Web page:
Pakistan’s desire to maintain strategic relations with China has resulted in the $62 billion China-Pakistan Economic Corridor (CPEC), a set of infrastructure projects, being mired in insufficient transparency.
But a Committee formed by Pakistani Prime Minister Imran Khan to examine the causes for the high cost of electricity to Pakistani consumers has lifted the lid on corruption involving Chinese private power producers in Pakistan.
The report reveals that the Huaneng Shandong Ruyi (Pak) Energy (HSR) or the Sahiwal and the Port Qasim Electric Power Company Limited (PQEPCL) coal plants under CPEC inflated their set-up costs.
For Pakistan’s citizens, who are always told how China is their most reliable friend in the world, it was a shock to discover that China does business mercilessly and unscrupulously.
Successive civilian governments and Pakistan’s military have looked upon China as their principal backer against India.
China’s consistent strategic support, including help with Pakistan’s nuclear program, is often held out by Pakistan’s military establishment favorably in contrast with the more conditional Pakistani alliance with the United States.
But it seems now that China is not in Pakistan to help its people but rather as a predatory economic actor.
The 278-page report by the “Committee for Power Sector Audit, Circular Debt Reservation, and Future RoadMap” listed malpractices to the tune of 100 billion Pakistani rupees ($625 million) in the independent power generating sector, with at least a third of it relating to Chinese projects.
Given the close ties between CPEC and the all-powerful Pakistan military — the CPEC Authority is currently chaired by Lt. General Asim Saleem Bajwa, who is also the Prime Minister’s Special Assistant on Information and Broadcasting — the Committee treaded softly in relation to the Chinese projects.
According to the committee’s report, “excess set-up costs of Rs. 32.46 billion (approximately $204 million) was allowed to the two coal-based [Chinese] plants due to misrepresentation by sponsors regarding [deductions for] the ‘Interest During Construction’ (IDC) as well as non-consideration of earlier completion of plants.”
The interest deduction was apparently allowed for 48 months whereas the plants were actually completed within 27-29 months leading to entitlement of an excess Return on Equity (RoE) of $27.4 million annually over the entire project life of 30 years in the case of the Sahiwal plant.
The estimated excess payment, keeping in mind the 6 percent annual rupee depreciation against the dollar, works out to a whopping Rs. 291.04 billion (approximately $1.8 billion).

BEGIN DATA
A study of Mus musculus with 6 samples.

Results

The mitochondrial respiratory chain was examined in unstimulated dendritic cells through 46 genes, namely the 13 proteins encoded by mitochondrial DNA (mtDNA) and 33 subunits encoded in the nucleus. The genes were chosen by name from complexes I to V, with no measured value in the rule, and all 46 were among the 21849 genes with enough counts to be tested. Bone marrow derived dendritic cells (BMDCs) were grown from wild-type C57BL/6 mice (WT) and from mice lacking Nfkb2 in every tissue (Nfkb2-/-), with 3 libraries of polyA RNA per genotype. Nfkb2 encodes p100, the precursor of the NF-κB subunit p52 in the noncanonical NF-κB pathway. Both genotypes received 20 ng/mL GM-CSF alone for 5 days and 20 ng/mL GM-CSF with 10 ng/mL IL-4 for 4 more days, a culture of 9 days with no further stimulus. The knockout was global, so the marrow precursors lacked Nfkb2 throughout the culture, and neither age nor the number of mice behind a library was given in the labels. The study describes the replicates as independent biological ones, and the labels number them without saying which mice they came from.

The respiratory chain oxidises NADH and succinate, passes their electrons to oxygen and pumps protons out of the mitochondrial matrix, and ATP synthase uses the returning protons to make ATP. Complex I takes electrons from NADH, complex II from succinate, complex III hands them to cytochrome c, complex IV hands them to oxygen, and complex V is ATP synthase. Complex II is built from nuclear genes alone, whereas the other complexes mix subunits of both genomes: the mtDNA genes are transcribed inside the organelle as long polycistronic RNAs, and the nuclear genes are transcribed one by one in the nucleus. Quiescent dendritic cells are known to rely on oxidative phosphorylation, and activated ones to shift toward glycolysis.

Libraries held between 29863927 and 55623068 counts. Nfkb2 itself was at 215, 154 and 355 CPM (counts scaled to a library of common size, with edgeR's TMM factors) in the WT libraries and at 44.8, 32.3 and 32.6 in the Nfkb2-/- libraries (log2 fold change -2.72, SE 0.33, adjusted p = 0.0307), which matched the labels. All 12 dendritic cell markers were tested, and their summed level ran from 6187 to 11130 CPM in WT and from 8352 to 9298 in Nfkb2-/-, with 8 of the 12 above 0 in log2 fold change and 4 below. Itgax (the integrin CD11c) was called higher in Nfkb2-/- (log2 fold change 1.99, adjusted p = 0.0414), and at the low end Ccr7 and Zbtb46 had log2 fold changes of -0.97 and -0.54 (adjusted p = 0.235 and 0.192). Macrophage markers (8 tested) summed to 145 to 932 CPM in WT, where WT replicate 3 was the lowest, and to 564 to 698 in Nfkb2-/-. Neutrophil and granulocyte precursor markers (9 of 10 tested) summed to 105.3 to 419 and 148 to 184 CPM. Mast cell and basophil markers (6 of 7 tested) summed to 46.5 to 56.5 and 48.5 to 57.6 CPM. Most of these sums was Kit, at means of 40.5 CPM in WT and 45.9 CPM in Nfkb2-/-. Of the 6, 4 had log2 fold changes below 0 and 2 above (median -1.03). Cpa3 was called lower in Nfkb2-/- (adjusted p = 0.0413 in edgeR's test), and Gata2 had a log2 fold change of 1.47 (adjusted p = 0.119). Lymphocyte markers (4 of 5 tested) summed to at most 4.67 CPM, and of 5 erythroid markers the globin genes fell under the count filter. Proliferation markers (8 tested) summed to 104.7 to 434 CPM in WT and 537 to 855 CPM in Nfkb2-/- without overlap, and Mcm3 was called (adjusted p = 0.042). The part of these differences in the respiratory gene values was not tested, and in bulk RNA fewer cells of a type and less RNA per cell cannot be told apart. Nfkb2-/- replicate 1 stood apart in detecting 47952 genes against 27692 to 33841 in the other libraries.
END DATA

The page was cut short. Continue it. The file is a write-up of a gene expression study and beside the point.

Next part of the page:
The Chinese company HSR claimed IDC based on a long-term loan at the rate of LIBOR +4.5 percent for the length of the entire construction period, even though it borrowed no money during the first year of construction and used only short-term loans at substantially lower interest rates during the second year.
The magnitude of profiteering by the Chinese companies is incomprehensible. The two projects examined by the Pakistani experts’ Committee were worth $3.8 billion at the time of their launch. The Committee found overpayments of Rs. 483.64 billion, which amounts to $3 billion at current rates of exchange.
This includes overpayment of Rs. 376.71 billion (approximately $2.3 billion) to HSR and Rs. 106.93 billion (approximately $672 million) to PQEPCL on account of excess set-up cost, excess return due to excess set-up cost in 30 years, and excess return due to miscalculation in Internal Rate of Return (IRR).
In its report, the Committee recommended that Rs. 32.46 billion (approximately $204 million) be deducted from the project cost of PQEPCL and HSR; the return payment formula be corrected to reflect actual construction time; and Tariff of PQEPCL and HSR be adjusted accordingly.
Under the current formula, in two years of operation, HSR has already recovered 71.18 percent of its original equity invested whereas PQEPCL has recovered 32.46 percent of its original equity in the first year of operation.
This is over and above the profits that the companies would have made without subterfuge. Imagine the return the Chinese will generate on the $62 billion CPEC projects. These numbers are way too large to have been missed as oversight or malfeasance of individuals within the companies and their Pakistani counterparts.
Instead of reforming their country’s policies, Pakistan’s leaders, once again, sought debt restructuring and waivers on account of the pandemic, just as they previously sought international assistance as a reward for fighting terrorism.
But expecting the international community to repeatedly bail Pakistan out from one economic crisis after the other is unrealistic. Massive military expenditure, deep rooted corruption, and lack of accountability are at the heart of Pakistan’s perennial and ever widening gulf between revenue and expenditure.
Now, it seems, Chinese investments have become a new liability. The International Monetary Fund (IMF) has been pushing Pakistan’s officials to raise taxes and power tariffs, effectively asking the Pakistani public to foot the bill for China’s rapacious practices.
The United States and Western financial institutions should not help Pakistan’s ruling elites in their own and China’s predatory behavior. The people of Pakistan deserve better.
Husain Haqqani, director for South and Central Asia at the Hudson Institute, was Pakistan’s ambassador to the United States from 2008 to 2011.